No coming shows this season.
Arnold Schönberg’s opera »Moses und Aron« is one of the key works of the 20th century and a challenge for every opera house. Following the performance of the piece in the Semperoper in 1975 (which was in fact the GDR premiere), this fresh staging by the Catalan Calixto Bieito is already the work’s second interpretation in Dresden. Conducted by Alan Gilbert, music director of the New York Philharmonic until 2017 and designated conductor of the NDR Elbphilharmonie Orchestra from 2019, the cast features two internationally celebrated singers in the roles of the unequal brothers Moses and Aron: Sir John Tomlinson and Lance Ryan.
Moses receives the thought that there is one "eternal, omnipresent, invisible and unimaginable God" from a voice speaking to him from within the burning bush. The voice orders him to tell his people, who are God's chosen people, about the one and only God and to force the Pharaoh to let the people go. Moses argues that this task is beyond him: although able to think, he is unable to find the right words. However, the voice promises to enlighten Moses' brother Aron so he can be his spokesman. Aron gladly accepts the task of communicating Moses' thought to the people. However, the brothers cannot agree on how this is to be accomplished as Aron expresses doubts that the people can love a God they are forbidden to imagine. Their people has lived in bondage, more enslaved than ever before in its history, since Moses slew an Egyptian. The Israelites therefore greet the news that Moses and Aron are on the way to them as the prophets of a new God not only with joy: whilst some still dream of being liberated by this new God, others fear yet more bloody retribution. Moses shares the thought of the one and only God with his people whilst Aron attempts to express the concept in a way that they can comprehend. The people are still reluctant to believe in this invisible God and Moses is ready to resign but Aron takes action. With the aid of a few miracles, he ensures that the people can imagine God. Despite a priest's warning against the perils of the desert, the people are now willing to follow Moses to freedom.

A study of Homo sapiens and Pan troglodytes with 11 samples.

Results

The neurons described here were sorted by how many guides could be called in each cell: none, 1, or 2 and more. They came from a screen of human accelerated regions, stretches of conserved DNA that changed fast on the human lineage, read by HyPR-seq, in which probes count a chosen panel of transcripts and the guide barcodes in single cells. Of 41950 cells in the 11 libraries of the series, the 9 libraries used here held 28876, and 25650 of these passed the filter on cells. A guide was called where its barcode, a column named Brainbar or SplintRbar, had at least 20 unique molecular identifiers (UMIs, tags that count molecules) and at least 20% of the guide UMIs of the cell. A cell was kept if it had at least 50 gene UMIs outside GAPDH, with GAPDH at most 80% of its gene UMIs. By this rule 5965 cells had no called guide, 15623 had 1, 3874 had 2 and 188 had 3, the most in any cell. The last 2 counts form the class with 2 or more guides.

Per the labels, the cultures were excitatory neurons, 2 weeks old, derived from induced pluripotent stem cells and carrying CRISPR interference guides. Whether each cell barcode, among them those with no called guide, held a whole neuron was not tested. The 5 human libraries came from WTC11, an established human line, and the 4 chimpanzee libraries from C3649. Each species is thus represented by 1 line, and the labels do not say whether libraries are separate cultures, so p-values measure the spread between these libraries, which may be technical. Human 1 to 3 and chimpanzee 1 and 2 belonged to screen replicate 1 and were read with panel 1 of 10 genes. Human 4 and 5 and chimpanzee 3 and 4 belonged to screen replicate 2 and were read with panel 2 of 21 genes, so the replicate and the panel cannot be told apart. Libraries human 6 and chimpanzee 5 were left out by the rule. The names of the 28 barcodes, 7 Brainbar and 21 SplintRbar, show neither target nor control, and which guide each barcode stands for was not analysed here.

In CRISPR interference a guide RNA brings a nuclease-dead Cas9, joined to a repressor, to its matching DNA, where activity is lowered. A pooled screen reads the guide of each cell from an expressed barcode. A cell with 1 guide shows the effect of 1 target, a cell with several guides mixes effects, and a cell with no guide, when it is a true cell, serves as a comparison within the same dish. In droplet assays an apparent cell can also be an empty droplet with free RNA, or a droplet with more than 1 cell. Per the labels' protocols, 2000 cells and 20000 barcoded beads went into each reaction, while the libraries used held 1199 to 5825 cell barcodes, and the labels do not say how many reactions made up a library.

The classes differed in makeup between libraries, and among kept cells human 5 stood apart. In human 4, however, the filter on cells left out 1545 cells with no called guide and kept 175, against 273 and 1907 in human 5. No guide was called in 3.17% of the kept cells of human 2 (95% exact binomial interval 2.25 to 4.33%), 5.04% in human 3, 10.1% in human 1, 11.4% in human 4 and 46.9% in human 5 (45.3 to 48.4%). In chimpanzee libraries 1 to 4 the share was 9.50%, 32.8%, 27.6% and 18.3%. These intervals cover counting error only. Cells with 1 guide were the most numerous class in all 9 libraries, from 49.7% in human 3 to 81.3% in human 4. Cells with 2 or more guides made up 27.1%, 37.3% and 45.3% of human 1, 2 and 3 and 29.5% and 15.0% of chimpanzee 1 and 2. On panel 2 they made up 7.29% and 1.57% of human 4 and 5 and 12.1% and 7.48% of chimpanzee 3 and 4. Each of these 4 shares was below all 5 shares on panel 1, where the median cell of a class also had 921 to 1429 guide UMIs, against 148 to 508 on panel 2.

Moses has left his people and has spent forty days on Mount Sinai. The Israelites are becoming increasingly restless and resentful.
In vain, Aron attempts to convince the Israelites that Moses will return soon. By leaving Egypt, the people have lost all of their rights, laws and sense of order; now it seems as if Moses and his new God have also abandoned them. To avoid the risk of anarchy breaking out, Aron indulges his people and permits them to worship the Gods it needs: ordinary, visible, comprehensible. The people pour forth their joy at regaining their safe beliefs in an uninhibited orgy. Moses returns and puts an end to "The Dance Round the Golden Calf". He challenges Aron. Aron justifies his actions by citing his love for the people; he only wanted to restore the order they needed to them. Moses, who loves only his thought, cannot accept this. For him, each word, each image, any attempt at interpretation represents a distortion of the concept. That is why he feels unable to comply with Aron's urging to make the concept easier to grasp for the people. Even Aron's reasoning that his words and images are created directly from Moses' thought, that even the Ten Commandments are merely a reflection of the concept and that although God did not reveal himself in the signs he gave the people but rather showed them the path to him fails to convince Moses. The brothers cannot resolve this conflict. Moses can only retain the purity of his thought alone, without Aron.